The object is a stiff beaded necklace from Zimbabwe. It is part of UCL’s Ethnographic Collection. Its accession number is J0.41.
Figure 1. Front view of object J0.41 from UCL Ethnographic Collection. (2016).
The necklace is remarkable for its general tube like shape. Its surface is covered in glass beads arranged in bands of various colours. At either end of the object, hide ‘caps’ are stitched to the ends, where a copper alloy triangular shaped bead that once constituted a clasp is attached with fraying thread.
Figure 2.. Detail of clasp end of J0.41, featuring brass bead. (2016).
The substrate material of the necklace is of organic origin. Under microscopy, long parallel fibres are visible, believed to be a compressed plant material. The thread that attaches the beads appears to be sinew.
Figure 3. Detail of J0.41 featuring view of bead thread and substrate material. (2016).
The object was donated to the collection by G. Penwarden, the niece of George Henry Walker, who lived in Bulawayo around 1910. Penwarden donated many other similar objects to the British Museum that her uncle collected in Africa in the 1950s (British Museum, 2016). A handwritten tag on the object reads ‘Rhodesia’. Denotation of the former British colony dates the acquisition, and along with its biography of collection, adds to it’s historical significance. The use of imported beads is also a facet of historical significance. Jewellery in Zimbabwe prior to colonial rule was primarily made with locally sourced materials, such as shells, and integration of glass beads denoted a shift in political climate (Labelle 2005:15). When originally worn, this necklace may have conveyed conventions of status relating to age, family, gender, marital availability, and both group and individual identity (Carey 1985:39). It may have been created or gifted to an individual in a ritualistic or ceremonial act. These factors constitute the object’s social and spiritual significance. There are no truly similar objects in major museum collections, making its presence rare. Finally, its housing in a teaching collection at a major London institution is a reflection of its current research value.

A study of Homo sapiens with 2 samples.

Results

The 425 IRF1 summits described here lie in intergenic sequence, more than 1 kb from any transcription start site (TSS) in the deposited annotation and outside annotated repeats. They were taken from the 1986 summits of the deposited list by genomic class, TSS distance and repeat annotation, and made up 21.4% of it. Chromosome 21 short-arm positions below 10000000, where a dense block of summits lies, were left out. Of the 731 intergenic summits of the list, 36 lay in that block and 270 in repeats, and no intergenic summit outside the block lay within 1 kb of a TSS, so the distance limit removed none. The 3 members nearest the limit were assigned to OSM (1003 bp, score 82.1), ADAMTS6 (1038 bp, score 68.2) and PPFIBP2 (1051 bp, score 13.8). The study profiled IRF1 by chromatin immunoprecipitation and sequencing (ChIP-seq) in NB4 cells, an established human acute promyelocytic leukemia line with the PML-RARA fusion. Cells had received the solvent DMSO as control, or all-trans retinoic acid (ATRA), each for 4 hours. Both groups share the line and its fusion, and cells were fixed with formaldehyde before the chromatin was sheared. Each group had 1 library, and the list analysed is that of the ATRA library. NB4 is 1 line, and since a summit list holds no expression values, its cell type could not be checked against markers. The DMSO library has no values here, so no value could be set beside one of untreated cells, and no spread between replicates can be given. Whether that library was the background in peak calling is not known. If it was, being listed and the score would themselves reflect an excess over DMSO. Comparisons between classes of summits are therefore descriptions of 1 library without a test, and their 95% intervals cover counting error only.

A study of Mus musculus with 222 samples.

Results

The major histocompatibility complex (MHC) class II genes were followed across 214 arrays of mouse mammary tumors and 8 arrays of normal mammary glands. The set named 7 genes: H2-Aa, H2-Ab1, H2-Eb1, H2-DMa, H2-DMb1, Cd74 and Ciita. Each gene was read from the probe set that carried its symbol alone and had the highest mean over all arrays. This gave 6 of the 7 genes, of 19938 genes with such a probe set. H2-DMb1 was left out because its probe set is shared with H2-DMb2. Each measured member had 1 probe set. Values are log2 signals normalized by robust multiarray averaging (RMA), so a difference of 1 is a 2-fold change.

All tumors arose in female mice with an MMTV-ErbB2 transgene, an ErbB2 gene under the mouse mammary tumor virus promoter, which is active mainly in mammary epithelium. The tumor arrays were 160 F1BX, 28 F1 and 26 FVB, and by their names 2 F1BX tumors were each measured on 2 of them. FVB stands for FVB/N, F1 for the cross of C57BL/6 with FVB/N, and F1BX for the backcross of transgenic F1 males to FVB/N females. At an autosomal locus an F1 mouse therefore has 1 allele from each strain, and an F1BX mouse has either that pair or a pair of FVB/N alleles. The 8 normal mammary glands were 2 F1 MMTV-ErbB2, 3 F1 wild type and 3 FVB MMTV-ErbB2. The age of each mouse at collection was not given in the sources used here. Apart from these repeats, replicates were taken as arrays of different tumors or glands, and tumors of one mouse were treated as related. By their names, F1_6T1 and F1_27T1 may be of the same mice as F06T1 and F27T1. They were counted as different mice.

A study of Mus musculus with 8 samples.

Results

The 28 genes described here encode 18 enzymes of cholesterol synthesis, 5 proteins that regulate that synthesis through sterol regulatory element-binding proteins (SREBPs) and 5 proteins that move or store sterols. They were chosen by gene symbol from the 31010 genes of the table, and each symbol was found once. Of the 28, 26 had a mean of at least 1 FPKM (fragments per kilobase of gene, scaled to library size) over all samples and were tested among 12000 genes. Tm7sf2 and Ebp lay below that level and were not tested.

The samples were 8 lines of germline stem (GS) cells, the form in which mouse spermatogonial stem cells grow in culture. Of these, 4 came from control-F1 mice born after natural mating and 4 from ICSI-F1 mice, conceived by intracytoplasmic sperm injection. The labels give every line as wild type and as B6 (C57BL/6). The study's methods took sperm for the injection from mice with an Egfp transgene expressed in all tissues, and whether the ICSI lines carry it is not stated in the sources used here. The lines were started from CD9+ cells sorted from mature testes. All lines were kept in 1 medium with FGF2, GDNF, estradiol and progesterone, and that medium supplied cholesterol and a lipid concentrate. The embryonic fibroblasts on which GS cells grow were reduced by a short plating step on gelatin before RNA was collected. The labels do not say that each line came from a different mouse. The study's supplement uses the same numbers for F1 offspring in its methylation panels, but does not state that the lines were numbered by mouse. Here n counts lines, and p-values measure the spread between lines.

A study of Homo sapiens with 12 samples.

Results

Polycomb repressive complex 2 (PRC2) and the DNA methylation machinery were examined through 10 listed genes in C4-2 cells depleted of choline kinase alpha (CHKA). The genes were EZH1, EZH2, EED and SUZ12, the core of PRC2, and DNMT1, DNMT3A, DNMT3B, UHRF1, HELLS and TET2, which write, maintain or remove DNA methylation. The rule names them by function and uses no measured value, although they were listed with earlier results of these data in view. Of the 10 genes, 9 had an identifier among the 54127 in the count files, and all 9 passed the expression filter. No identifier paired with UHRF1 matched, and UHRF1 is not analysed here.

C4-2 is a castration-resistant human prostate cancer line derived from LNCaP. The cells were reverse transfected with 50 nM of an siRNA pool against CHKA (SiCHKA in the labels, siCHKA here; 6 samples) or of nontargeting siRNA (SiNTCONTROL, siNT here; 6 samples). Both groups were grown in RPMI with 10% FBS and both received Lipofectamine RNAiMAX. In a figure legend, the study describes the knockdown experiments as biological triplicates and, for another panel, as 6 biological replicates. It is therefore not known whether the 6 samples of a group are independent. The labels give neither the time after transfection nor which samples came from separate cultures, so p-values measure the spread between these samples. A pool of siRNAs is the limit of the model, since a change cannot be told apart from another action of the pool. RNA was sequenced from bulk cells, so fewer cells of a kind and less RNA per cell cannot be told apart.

The object’s organic substrate is well preserved given the object’s age. Its structure is very stiff, probably due to the expansion and contraction of the materials during fluctuations in relative humidity throughout its lifetime. Soiling appears throughout the surface of the object. This could be particles from the organic substrate or soiling from use. The adjoining element to the clasp has become detached previous to this examination. The thread that formerly attached this element is frayed. In one area the bead thread has become weakened and there is a threat of it breaking, accompanied by the potential loss of one or several beads.
Figure 4.. Detail of J0.41 displaying fraying of thread. (2016).
Figure 5. Detail of J0.41 in which surface grime is visible close to clasp ends of object. (2016).
(all images are by author)
British Museum. (2016). Collection search: George Henry Walker. [online] Available at: http://www.britishmuseum.org/research/collection_online/search.aspx?people=34514&peoA=34514-3-7 [Accessed 22 Mar. 2016].
Carey, M. (1986). Beads and beadwork of east and south Africa. Princes Risborough, Aylesbury, Bucks, UK: Shire Publications.
Labelle, M. (2005). Beads of life. Gatineau, Québec: Canadian Museum of Civilization.